From today's Gospel lesson, in the Gospel of John:
The two disciples heard [John the Baptist] say ["Behold the Lamb of God"], and they followed Jesus. When Jesus turned and saw them following, he said to them, 'What are you looking for?' They said to him, 'Rabbi' (which translated means Teacher), 'where are you staying?' He said to them, 'Come and see.' They came and saw where he was staying, and they remained with him that day.
Shortly after reading this this morning I stopped over at Scot McKnight's blog on Beliefnet, where he's been talking about a new book by a social researcher named Jean Twenge -- my apologies if I mess up the spelling -- discussing the emotional ills of today's young people. He talked about Twenge's assertion that today's teenagers suffer from, to use his own phrase, a kind of social anorexia -- social malnutrition caused by the empty calories of texting, Twittering and otherwise engaging with others only in the most soulless and superficial of ways.
My initial reaction was -- "Hey, wait a minute!" I've not yet warmed up to Twitter, but I do frequent what a friend of mine calls Crackbook. I blog. I am a frequent flier on the Beliefnet discussion forums. I would be hard-pressed to describe any of these pursuits as qualitatively "empty" (well, maybe the never-ending memes on Facebook). Especially as someone living where I do, the online world allows me to meet people and to build relationships with them in a way that simply wouldn't happen in the boots-on-the-ground world. There's value in that.
But this week has been, by necessity, a very boots-on-the-ground week, literally dealing with matters of life and death in a physically immediate way. It's frankly been a week where it's been a godsend to be able to connect with people in a tangible way -- hugging the nurses who were taking care of Marian when she died; sitting across the sofa from my pastor, who stopped by yesterday to help us craft a funeral service but also just to talk; having the physical presence of Fellow Traveler here at times when I just needed to hang on to someone.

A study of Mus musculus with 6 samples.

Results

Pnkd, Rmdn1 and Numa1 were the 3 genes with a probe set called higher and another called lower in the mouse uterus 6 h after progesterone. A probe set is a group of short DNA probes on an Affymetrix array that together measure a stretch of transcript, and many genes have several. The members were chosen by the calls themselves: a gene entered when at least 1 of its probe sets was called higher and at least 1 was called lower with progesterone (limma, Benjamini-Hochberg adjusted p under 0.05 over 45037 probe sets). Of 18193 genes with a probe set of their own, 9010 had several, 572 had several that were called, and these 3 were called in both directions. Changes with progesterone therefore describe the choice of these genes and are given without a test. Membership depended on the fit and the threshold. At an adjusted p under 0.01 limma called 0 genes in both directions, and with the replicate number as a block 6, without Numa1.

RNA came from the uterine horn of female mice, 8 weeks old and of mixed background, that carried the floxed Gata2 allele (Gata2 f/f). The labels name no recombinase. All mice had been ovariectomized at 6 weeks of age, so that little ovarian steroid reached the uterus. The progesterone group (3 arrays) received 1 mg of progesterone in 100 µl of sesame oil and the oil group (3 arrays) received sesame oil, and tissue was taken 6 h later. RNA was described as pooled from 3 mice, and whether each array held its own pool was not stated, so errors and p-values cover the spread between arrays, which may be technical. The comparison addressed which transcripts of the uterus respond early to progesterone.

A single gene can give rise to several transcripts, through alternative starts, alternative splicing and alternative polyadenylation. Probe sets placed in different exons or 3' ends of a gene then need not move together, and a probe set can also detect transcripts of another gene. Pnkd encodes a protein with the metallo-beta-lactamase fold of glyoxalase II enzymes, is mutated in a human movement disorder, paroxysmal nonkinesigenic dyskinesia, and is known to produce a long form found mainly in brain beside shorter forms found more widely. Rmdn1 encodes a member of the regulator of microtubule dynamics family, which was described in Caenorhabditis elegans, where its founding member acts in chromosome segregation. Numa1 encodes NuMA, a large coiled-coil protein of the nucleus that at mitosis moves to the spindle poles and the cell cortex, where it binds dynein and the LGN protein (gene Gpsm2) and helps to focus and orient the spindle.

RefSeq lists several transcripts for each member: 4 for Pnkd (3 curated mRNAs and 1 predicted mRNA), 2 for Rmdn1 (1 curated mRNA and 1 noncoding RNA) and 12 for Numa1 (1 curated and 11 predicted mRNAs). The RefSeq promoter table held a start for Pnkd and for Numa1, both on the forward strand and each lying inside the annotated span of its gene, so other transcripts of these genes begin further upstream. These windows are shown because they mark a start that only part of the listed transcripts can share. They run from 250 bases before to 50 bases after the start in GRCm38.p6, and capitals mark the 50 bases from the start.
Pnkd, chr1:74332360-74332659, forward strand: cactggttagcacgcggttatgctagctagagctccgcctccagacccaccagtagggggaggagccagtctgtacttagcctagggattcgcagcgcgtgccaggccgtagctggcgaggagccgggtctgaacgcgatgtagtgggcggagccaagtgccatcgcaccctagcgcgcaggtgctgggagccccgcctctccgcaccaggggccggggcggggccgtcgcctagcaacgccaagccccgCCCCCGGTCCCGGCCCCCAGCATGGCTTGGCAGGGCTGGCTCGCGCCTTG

Living three-dimensionally with others is hard. Sometimes it's messy. Sometimes it hurts. Sometimes we still don't get all the emotional and social "food" we need to stay healthy, even in the midst of many people. But this is the place where life -- and death -- really happens. The world of words and ideas is one step removed from all this.
I think that's why we Christians, especially those of us at home online, often need to check ourselves to make sure that our Christianity is not being played out primarily on the yakkity level of "doing theology." We need face-to-face engagement with other Christians and with other human beings longing for social connection that matters. They, and we, need a "Come and see" that isn't just "Come and see my Facebook profile."
In what ways might I be experiencing "social anorexia" or contributing to that dis-ease in others? How can I more mindfully engage with the people I encounter in everyday life?